An aerial view of St. Joseph taken in the 1940s.

The landscape of the health care industry started changing in the early 1960s, and by 1968, the Sisters of St. Francis were in dialogue with the medical staff of St. Joseph’s Hospital concerning the hospital’s future viability, if not survival. Discussions were being held within the community about the need to either remodel the old St. Joseph’s Hospital located 11th St. and Big Horn, or build a new one.

In a letter dated March 17, 1968, St. Francis’ Mother M. Muriel wrote, “It seems important now to decide whether this community is going to build a new hospital or remodel the existing one. It is not possible for the Sisters to undertake the construction of a new building. We don’t have the two or three million dollars to expend … If the community of Alliance wants to build a new hospital we would be willing to continue to staff it…”

It was hoped the Sisters would be able to participate in the funding of a new hospital, but it wasn’t to be. However, they still hoped to be able to be a part of the new hospital’s operations.

And so the ball started to roll on innumerable private gatherings, discussions and public meetings for a community owned hospital. It was a bumpy ride, to say the least.

On January 14, 1971, Sister M. Kathleen, Administrator of St. Joseph’s Hospital, announced that the Sisters of St. Francis had concluded that they would discontinue operations at St. Joseph’s Hospital in favor of building a new facility. She said the Sisters had come to the conclusion that it was not feasible to spend $1-million on remodeling the facility. Sister Kathleen said, “We trust the people of Alliance will move to meet the community’s need for a better health facility. In the meantime, the Sisters will continue to operate St. Joseph’s Hospital until the new hospital opens, but no later than July 1, 1973.”

In April of 1971, the Box Butte County Hospital Committee, chaired by Charles H. Brittan, announced that a meeting was to be held April 29 to hear the proposals presented by the community’s architectural firm, Leo A Daley Co. of Omaha. More study was needed to give the community additional options, and by May 11, the committee had four proposals on the table: 1) Remodeling St. Joseph’s at a cost of $2,149,200, with $300,000 being raised via a fund drive; 2) Build a new building at a new site, with total cost $2,199,200 excluding land; 3) Build a new building at the existing location with a total cost of $2,149,200; 4) A “get buy” option of purchasing St. Joseph’s Hospital and doing enough updating to “get buy” at an estimated cost of $600,000.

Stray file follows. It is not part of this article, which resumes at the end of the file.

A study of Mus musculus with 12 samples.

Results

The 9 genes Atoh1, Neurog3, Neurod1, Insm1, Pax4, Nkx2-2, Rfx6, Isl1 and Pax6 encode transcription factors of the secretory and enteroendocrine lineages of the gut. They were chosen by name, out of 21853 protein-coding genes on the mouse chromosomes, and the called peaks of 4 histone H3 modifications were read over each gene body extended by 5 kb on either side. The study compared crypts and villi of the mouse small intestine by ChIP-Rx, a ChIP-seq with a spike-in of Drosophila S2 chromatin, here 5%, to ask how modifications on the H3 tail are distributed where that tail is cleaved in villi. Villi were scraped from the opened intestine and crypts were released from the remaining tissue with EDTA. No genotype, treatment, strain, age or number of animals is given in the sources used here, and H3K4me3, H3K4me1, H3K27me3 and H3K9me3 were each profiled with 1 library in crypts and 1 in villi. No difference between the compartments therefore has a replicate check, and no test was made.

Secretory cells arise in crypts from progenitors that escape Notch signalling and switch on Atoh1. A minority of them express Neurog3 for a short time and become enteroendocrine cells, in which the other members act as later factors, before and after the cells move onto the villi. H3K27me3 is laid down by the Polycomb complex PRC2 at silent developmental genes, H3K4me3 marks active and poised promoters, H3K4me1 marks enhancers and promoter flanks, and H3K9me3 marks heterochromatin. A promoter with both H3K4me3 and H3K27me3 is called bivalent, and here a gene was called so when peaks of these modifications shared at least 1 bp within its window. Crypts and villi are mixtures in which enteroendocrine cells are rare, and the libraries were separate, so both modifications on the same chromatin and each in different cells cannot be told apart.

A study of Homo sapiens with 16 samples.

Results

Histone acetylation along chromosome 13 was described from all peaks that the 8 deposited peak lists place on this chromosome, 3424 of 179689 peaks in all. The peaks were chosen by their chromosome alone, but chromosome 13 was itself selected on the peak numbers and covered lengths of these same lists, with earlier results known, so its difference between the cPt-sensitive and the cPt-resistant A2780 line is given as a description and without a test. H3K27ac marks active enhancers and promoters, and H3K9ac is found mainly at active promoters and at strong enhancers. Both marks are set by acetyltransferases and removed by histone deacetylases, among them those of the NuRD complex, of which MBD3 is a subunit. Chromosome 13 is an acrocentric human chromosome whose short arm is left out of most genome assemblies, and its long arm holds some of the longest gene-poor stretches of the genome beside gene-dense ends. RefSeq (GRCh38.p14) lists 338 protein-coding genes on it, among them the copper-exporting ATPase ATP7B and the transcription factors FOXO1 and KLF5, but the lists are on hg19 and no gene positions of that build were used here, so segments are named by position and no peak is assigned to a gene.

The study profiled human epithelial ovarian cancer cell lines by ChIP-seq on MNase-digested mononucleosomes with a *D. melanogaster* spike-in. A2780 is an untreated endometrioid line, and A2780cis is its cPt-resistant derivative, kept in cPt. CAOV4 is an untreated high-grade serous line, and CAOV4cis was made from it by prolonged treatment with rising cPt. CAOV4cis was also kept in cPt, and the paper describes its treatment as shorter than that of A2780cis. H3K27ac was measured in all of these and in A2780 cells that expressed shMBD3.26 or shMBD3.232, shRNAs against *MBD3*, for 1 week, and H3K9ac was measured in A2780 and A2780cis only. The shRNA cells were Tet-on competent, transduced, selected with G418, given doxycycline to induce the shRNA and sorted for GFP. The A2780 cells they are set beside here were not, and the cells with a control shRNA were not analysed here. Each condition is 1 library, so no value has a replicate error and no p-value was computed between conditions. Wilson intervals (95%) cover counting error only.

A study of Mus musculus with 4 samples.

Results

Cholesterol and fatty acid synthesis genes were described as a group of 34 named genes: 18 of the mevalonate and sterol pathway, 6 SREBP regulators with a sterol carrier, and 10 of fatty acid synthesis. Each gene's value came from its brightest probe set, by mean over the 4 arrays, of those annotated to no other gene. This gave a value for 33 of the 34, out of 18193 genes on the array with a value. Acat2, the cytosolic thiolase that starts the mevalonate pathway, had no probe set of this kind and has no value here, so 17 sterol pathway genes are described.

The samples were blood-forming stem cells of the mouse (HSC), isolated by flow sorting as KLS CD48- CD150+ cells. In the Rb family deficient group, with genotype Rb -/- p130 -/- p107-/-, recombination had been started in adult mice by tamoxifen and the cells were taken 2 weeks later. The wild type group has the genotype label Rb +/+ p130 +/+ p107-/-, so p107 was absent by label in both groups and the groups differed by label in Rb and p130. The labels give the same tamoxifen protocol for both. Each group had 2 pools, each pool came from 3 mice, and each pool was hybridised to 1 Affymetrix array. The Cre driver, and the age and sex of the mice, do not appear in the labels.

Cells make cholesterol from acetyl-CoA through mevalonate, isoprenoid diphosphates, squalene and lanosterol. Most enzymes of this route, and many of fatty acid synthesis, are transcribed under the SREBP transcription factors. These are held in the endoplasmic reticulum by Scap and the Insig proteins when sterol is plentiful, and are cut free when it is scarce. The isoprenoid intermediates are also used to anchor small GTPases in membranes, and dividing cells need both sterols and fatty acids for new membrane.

After asking for input from the community, the committee held a joint meeting on June 3, 1971 with the Alliance City Council, Village of Hemingford and Box Butte County Commissioners to announce its recommendation. The committee recommended the building of a new hospital, whereupon it was disbanded having completed its duties. The three governing bodies held an open meeting June 16 and agreed with the committee’s recommendation, with cost estimates increasing to $2,225,000. A steering committee was formed to move the plan forward. That committee, after meeting several times, determined that it was more feasible to build a new hospital as a county-owned facility, and that a special election be held to raise the necessary funds through taxation. A petition drive was announced to put the matter before the county voters via a special election.

The decision wasn’t without its detractors, which grew abundantly clear as the weeks progressed toward a special election in the fall of that year. The local newspaper had several “Rumblings” letters-to-the-editor expressing dissatisfaction with the plan to build a new facility, with other letters in support.  The concerns expressed about the cost of the hospital were heard, and the Hospital Committee announced on September 30, 1971, that it had reduced the costs for the planned 50-bed acute care hospital $650,000, bringing total costs down to $1,575,000.

It was announced in October that the petition drive was successful, with 958 signatures garnered. The Box Butte County Commissioners set November 23, 1971 as the date for the special election, asking the voters if “…the County of Box Butte in the State of Nebraska issue its negotiable bonds in the principal amount of not to exceed One Million Seven Hundred Fifty Thousand Dollars ($1,750,000) for the purpose of providing funds for the construction or acquisition of a County Community Hospital…”

Because of questions raised by the public over what would happen to St. Joseph’s Hospital if the vote denied the issuing of said bonds, the Sisters of St. Francis issued a statement that they would continue to operate St. Joseph’s if such was the case, due to the public’s concern, thus reversing their earlier decision to close by July of 1973.

What followed was a flurry of competing advertisements and letters-to-the-editor, with some urging voters to approve while others advocated the defeat of the bond issue. The divide was evident even at St. Joseph’s, with staff on different sides of the issue placing advertisements advocating their positions.

When November 23rd arrived, voting was heavy throughout the day. In the end, the proposal was defeated by 154 votes – 1,666 for and 1,823 against.